People make nests of all sorts. It's still possible to choose a wide array of living situations in the United States, and make yourself as happy as we imperfect beasts can be.
I don't know exactly how to describe our place, and the place it's in. Some would call our town a suburb. The word "exurb" came into favor while we were living here, and fits better, but not quite. Others would have called it rural a half century ago. It's just a cottage in the woods to us.
Sprawl. McMansion. Development. These are epithets thrown at one another in permitting authority meetings nowadays. It's getting harder to do what you want with your property. There is a very elaborate set of hoops that must be navigated if you want to build what we built here, on a miserable patch of poison ivy, ten years ago. Most of the hoops have been added recently, and essentially make what we did impossible now. If you managed to lawyer and engineer your way through the labrynth of government now, a fee would be charged, part of which would go towards helping keep housing "affordable" in the town.
Every thing offered for sale in this town sells in five minutes. By definition, that's affordable -- someone can afford it, and thinks enough of the town to pay it to live here. By "affordable," they really mean there's gotta be cheap housing. Well, my house was cheap, when I built it. All the restrictions put on what can be done buildingwise in the intervening decade have made the land it sits on fabulously expensive to the point of unavailability. And no one in their right mind is going to pay a third of a million dollars for a building lot and build a hundred thousand dollar house on it. And no bank will lend you money to develop a lot unless the finished product is worth three times the raw lot, minimum. It's the law of unintended consequences-- that which you've made impossible you try to subsidize. A town is not a zoo. People should not be kept as exhibits.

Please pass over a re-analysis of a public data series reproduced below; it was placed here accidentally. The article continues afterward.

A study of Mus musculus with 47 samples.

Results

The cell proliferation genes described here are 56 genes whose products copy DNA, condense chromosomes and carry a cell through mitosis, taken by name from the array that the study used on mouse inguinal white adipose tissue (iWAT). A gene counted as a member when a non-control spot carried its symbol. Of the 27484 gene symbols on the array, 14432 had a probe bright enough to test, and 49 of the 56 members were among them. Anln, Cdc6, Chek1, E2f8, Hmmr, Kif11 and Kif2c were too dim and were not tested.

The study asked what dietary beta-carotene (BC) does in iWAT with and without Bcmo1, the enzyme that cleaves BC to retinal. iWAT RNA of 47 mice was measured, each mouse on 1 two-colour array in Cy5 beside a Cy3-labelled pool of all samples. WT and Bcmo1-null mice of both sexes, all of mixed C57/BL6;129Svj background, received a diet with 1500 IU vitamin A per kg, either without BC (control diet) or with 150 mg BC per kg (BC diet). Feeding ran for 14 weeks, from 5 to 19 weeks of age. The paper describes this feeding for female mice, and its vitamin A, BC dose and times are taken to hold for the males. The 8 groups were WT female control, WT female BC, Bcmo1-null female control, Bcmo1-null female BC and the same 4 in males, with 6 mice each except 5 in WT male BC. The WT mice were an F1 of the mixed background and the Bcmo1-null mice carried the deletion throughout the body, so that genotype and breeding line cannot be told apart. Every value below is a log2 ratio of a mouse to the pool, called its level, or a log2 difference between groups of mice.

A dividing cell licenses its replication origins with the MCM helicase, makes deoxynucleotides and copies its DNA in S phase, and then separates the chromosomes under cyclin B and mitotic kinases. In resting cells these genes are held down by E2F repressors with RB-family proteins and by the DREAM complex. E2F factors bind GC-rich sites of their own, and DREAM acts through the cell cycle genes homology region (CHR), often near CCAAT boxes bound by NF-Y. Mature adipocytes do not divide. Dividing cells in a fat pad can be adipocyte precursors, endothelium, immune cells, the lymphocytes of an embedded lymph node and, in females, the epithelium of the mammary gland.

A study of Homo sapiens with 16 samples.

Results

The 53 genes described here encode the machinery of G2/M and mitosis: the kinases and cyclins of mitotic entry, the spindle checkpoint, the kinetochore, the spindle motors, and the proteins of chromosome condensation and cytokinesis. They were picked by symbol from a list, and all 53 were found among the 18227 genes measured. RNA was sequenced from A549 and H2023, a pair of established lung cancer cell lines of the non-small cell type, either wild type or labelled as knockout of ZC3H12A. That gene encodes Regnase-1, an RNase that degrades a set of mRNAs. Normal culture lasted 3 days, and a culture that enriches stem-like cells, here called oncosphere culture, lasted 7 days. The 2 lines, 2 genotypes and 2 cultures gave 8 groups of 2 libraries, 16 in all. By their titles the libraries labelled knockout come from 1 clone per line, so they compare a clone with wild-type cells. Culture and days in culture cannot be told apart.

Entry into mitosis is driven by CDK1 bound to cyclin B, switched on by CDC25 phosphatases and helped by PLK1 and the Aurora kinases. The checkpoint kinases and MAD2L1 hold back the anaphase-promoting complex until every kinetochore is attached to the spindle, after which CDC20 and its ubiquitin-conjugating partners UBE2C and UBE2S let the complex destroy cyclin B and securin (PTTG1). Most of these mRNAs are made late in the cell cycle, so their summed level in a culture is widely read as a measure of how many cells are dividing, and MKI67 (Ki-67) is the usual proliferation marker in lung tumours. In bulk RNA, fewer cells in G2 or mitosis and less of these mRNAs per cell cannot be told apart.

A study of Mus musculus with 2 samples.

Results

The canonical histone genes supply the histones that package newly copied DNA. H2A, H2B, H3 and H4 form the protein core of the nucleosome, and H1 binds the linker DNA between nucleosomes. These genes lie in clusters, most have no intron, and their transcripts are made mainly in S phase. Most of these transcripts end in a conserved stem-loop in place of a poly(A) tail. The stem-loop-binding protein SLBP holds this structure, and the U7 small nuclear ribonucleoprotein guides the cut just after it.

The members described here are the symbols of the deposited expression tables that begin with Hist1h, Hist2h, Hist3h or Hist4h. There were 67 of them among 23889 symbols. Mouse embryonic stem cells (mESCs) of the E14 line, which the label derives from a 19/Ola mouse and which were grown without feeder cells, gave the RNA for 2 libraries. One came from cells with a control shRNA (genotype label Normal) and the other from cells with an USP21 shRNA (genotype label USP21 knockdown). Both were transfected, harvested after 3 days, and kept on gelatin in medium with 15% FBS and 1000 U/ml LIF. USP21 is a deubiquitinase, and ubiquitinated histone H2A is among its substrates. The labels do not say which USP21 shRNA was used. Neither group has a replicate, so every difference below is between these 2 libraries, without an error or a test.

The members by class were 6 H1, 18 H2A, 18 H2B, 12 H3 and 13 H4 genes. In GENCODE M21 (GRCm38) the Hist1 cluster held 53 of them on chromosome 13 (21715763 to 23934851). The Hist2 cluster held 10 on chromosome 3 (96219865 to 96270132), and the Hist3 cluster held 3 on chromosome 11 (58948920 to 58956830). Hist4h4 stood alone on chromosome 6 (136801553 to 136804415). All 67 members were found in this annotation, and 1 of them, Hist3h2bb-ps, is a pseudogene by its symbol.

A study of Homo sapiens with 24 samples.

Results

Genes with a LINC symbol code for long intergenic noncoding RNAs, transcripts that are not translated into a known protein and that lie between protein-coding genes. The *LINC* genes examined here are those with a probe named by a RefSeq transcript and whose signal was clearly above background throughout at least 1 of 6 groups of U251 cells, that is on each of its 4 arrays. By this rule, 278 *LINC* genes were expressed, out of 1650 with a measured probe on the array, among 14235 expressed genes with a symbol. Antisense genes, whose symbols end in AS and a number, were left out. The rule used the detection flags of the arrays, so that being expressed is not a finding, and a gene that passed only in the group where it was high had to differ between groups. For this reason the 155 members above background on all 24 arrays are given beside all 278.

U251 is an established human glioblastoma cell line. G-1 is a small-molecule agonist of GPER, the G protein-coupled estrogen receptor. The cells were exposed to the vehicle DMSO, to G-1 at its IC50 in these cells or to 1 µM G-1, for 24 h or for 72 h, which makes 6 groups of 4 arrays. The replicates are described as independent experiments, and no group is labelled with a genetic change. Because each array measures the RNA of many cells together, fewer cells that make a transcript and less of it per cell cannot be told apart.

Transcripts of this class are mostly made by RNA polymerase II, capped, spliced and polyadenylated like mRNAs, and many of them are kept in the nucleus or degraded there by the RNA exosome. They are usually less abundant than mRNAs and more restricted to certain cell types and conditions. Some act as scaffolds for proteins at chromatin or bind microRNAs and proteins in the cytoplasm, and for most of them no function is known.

It's not too long ago that most people were farmers. Subsistence farmers, at that. And a farm is not like what you see on Charlotte's Web. Subsistence farms take up a lot of room, require Hiroshima style land clearing, and are famously bad for anything that lives near them that walks on four legs. An interesting conundrum for vegetarians to consider is that many more animals are killed when a farmer runs a harvester over a field than when a cow is slaughtered. Are not moles and voles and woodchucks and all their furry brethren a beating heart in a fur sack, just like that surly leather bag full of bones, the steer? Avert your eyes from the cats all farms have too; Chip and Dale appear in their mouths with astonishing regularity.
No one subsistence farms any more. Almost no one farms in any fashion in the Northeast anymore, compared to just fifty years ago. And the houses of the people that big time agriculture elsewhere can support, that dot the landscape and annoy the NIMBYs, take up far less land than the few farms that used to make a treeless brown corduroy patchwork quilt of the map. I live on what used to be a five acre pasture, once completely denuded of trees for grazing livestock, just 75 years ago. Three quarters of it is covered with dense forest now, and will remain so.
I look at that luminous black and white photo of a little homestead in Texas seventy years ago, with the baby in the pram, and the neat white cottage -- nothing special, but an unbelievable luxury for the new occupants, no doubt -- and see myself and my family. That little wisp of a tree that they've planted, probably with a little ceremony, likely shades that house now, and reminds its current occupants that some take the long view, and plant a tree; others pass laws against cutting them down. They work for the same ends, though they do not know it.